Foster home investigating abuse allegations

An organisation that runs a foster home for babies and toddlers in Prince Edward says it is looking into allegations that its staff used corporal punishment against children.

The police, meanwhile, said three staff members of the Children’s Residential Home, run by the Society for the Protection of Children, had been arrested. Two have been charged with willfully assaulting children under care and will appear in Kwun Tong Court on Sunday. A 23-year-old has been released on police bail.

It’s understood that following a police investigation, the number of alleged victims stood at 18.

In a statement, the society said it had reported to the police and the Social Welfare Department after it found that staff at the Prince Edward home had allegedly “used corporal punishment” on a group of children aged between two and three last Friday.

The facility takes care of children who are orphans, abandoned by their parents, referred by the courts or come from problematic families.

The society said staff members who had committed a serious breach had been dismissed, but did not say how many of them were involved.

In a press briefing, the police said three women, aged 23 to 44, were taken into custody on Wednesday night.

Officers said the case came to light after a nearby resident witnessed the suspected assault and notified managers of the home.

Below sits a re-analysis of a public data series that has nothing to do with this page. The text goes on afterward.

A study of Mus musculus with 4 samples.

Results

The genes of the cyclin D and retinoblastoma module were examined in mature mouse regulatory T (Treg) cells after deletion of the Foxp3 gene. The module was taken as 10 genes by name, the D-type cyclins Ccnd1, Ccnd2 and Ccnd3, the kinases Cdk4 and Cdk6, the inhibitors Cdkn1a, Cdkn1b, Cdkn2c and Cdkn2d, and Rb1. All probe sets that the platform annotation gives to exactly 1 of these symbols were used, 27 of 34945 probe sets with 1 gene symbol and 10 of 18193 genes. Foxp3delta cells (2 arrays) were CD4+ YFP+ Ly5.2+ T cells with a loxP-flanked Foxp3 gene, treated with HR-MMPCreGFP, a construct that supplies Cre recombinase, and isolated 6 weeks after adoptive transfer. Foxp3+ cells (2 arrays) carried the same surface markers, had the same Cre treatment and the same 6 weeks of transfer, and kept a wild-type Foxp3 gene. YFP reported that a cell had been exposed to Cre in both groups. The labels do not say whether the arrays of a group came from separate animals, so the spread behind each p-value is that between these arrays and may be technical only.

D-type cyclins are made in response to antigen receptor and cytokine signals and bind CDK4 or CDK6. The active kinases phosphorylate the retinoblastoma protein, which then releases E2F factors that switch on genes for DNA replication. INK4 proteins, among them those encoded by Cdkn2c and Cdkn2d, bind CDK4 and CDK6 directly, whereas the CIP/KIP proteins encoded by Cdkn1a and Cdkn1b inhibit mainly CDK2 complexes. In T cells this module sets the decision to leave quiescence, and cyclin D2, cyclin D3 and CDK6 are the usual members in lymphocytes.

The registered charity said it had arranged a nurse and a clinical psychologist to check on the physical and mental conditions of the children and would let them undergo further examinations in hospital, adding it is setting up a special team to look into the case and review its monitoring system.

“Our Society has always put much emphasis on children’s well-being and safety. We would not allow staff to harm or conduct any inappropriate acts towards children,” the statement said.

In light of the case, a member of the Commission on Children, Priscilla Lui, renewed her call for the government to ban corporal punishment in Hong Kong.

“I think the government needs to speed up the entire process of deciding on this particular important issue of [banning corporal punishment], to ensure the baseline in this society is clear enough for everyone,” she told RTHK.

“I think the physical punishment or the punitive kind of approach must be nipped in the bud,” she said.